This morning’s news that NetApp has over-called EMC in what has become a bidding war for Data Domain is not a surprise: if you believe the projections cited by Joe Tucci yesterday, Data Domain’s expected 2010 revenue of $480M means that both NetApp and EMC could justify a higher acquisition price – and we’re likely to see a few more bidding rounds. However, the real question of interest in this war isn’t the eventual winning bid, but rather which will be the winning bidder. In short, which of the two is the more desirable for the storage industry, its reseller channels, and its customers?
As described by Jerome in his analysis yesterday, NetApp does not have a track record of success when it comes to acquisitions. Indeed, I agree with many of Jerome’s insights and I wonder if NetApp’s underlying motivation in acquiring Data Domain was more to take out an interesting competitor before they grow too big. I also have high respect for EMC and their track record of success with acquisitions, which they usually turn positive even if it takes them a while – as with Legato.
However, in one critical dimension I think that the NetApp acquisition of Data Domain would be better for everyone – except EMC – and that is in the channel. The big losers if EMC acquires Data Domain will be the channel resellers – and recall that Data Domain today sells 100% through the channel.
Despite whatever good intention EMC may have to try to hold onto the Data Domain channel as part of an acquisition, EMC has a history of alienating and killing channel relationships that come with their acquisitions – also like Legato. Rather than being a complementary addition to EMC’s business as suggested by Jerome, I fear that EMC would instead siphon off the real money, remove the effective sales support offered by Data Domain to their partners, and replace it with EMC style enterprise selling.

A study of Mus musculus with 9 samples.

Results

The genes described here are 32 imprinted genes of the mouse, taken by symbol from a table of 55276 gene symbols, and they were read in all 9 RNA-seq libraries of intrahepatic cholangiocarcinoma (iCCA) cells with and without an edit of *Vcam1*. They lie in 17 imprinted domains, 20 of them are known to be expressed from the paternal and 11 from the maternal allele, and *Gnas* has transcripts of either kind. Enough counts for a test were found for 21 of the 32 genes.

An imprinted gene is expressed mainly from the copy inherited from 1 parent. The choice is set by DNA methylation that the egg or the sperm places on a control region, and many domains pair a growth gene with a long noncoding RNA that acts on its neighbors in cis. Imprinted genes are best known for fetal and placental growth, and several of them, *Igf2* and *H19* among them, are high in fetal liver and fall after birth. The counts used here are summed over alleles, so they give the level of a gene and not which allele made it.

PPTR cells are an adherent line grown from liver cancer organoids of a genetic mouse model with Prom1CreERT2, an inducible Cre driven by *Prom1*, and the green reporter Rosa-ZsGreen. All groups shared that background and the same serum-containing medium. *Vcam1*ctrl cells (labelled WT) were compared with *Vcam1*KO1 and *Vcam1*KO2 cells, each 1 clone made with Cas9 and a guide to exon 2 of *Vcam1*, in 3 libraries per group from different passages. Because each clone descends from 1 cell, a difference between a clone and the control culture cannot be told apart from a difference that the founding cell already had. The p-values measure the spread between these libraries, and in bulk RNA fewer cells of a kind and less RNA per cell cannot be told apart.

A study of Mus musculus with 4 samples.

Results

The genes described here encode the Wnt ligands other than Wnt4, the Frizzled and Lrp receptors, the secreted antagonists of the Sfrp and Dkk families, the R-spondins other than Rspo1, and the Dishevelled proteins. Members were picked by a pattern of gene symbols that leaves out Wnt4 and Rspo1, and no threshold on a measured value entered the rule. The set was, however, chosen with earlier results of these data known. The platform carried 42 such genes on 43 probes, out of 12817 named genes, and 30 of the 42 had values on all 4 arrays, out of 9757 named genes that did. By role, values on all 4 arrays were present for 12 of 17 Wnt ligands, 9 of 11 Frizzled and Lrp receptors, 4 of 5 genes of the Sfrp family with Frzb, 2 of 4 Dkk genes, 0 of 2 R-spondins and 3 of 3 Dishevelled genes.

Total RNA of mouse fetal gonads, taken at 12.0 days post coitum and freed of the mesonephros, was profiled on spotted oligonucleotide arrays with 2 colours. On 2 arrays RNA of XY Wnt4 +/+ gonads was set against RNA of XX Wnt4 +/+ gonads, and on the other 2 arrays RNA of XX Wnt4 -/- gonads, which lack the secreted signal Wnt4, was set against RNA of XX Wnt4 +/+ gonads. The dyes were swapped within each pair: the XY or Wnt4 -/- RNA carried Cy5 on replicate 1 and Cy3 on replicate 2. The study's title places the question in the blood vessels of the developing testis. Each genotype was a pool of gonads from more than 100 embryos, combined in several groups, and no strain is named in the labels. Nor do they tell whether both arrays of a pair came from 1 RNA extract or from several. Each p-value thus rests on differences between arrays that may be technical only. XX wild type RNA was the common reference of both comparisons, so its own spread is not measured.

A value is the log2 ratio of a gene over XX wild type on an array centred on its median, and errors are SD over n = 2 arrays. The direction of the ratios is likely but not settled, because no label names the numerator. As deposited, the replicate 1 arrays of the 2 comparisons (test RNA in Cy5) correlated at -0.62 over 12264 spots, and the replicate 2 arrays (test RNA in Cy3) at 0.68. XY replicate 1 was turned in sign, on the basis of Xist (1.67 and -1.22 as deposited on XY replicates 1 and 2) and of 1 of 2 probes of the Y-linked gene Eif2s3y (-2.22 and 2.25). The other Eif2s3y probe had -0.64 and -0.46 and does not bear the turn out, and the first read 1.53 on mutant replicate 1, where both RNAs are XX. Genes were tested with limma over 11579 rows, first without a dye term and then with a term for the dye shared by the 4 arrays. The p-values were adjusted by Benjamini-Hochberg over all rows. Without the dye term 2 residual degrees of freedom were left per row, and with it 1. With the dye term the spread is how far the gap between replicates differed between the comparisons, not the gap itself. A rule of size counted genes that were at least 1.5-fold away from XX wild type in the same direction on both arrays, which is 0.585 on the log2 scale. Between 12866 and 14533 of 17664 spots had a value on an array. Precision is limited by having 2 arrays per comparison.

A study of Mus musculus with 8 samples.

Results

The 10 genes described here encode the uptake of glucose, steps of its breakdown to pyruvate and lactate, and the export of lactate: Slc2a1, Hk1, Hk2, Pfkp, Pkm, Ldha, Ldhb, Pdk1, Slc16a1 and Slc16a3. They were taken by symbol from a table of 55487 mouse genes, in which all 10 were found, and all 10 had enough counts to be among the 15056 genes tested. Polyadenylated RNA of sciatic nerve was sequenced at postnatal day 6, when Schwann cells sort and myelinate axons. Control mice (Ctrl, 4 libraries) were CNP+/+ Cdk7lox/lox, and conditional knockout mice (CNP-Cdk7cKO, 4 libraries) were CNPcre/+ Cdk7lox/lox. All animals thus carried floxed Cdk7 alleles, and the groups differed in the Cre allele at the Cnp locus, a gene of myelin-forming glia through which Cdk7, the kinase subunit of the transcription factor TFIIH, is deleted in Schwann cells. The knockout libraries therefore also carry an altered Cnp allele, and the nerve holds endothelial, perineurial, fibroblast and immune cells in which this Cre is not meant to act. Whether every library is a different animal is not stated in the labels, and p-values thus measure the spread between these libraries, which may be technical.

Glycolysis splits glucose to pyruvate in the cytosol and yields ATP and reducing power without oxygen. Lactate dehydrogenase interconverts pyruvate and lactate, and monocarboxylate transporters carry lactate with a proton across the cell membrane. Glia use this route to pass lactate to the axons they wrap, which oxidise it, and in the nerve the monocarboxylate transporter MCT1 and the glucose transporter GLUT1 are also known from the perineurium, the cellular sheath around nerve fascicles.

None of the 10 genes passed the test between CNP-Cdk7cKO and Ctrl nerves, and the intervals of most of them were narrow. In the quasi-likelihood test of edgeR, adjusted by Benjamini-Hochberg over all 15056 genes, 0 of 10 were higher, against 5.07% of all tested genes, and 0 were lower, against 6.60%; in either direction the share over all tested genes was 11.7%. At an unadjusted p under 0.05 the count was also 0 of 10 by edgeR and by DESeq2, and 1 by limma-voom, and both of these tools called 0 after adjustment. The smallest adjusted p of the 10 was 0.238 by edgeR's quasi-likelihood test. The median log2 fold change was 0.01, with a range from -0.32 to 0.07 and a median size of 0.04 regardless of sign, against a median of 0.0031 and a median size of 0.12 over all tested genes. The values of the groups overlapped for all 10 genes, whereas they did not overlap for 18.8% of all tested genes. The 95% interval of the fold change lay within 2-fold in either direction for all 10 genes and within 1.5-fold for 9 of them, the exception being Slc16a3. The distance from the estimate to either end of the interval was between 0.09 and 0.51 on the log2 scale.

Dell is a potential winner in this, as they sell a huge amount of EMC storage into the mid-tier market. Dell’s relationship with resellers has also warmed perceptively over the last 18 months or so as Dell’s channel-focused efforts have started to pay off – at least for Dell.
But the reseller community currently doing business with Data Domain won’t thank EMC for the pleasure of having to work through Dell to get access to Data Domain (potentially), nor to get it from Arrow nor Avnet which are EMC’s big distributors to the channel in North America.
In contrast, NetApp is better suited to continuing the relationships with the Data Domain channel. As Warmenhoven is quoted as saying this morning, the company cultures of NetApp and Data Domain are also more closely aligned – I’ve often heard Data Domain employees describe themselves as building the “next NetApp” – not to mention the propinquity offered by being co-located in Silicon Valley.
However, I think that EMC will win this contest: EMC’s bid was not hastily considered, but something likely cooking in the background and brought out sooner than expected when NetApp beat them to the initial punch. When EMC wants something, they tend to get it.
What’s more, despite the likely negative impact to the channel, I also think that EMC would be the better acquisition for Data Domain’s technology and customers. EMC has a better track record of keeping acquired technology healthy and well-managed; just look at the series of acquisitions that include Legato, Documentum, RSA, VMware, and too many more to mention. EMC has demonstrated the capability to continue investments in individual product lines that they consider strategic, and to make sure that their customers are successful in using those technologies in the long-term. With EMC as the acquiring party, Data Domain is less likely to simply disappear from the industry.
So, I’m rooting for EMC to win in this battle. Data Domain deduplication solves backup problems for its customers, quickly and easily. This technology is too important for customers and for the industry as a whole, to risk losing it to poor management and execution inside NetApp. And, if NetApp does win, then at least the stakes are higher for them to perform well in terms of delivering accelerated revenue from the Data Domain product line after the acquisition – which is more likely to help keep Data Domain technology alive and well for the rest of us.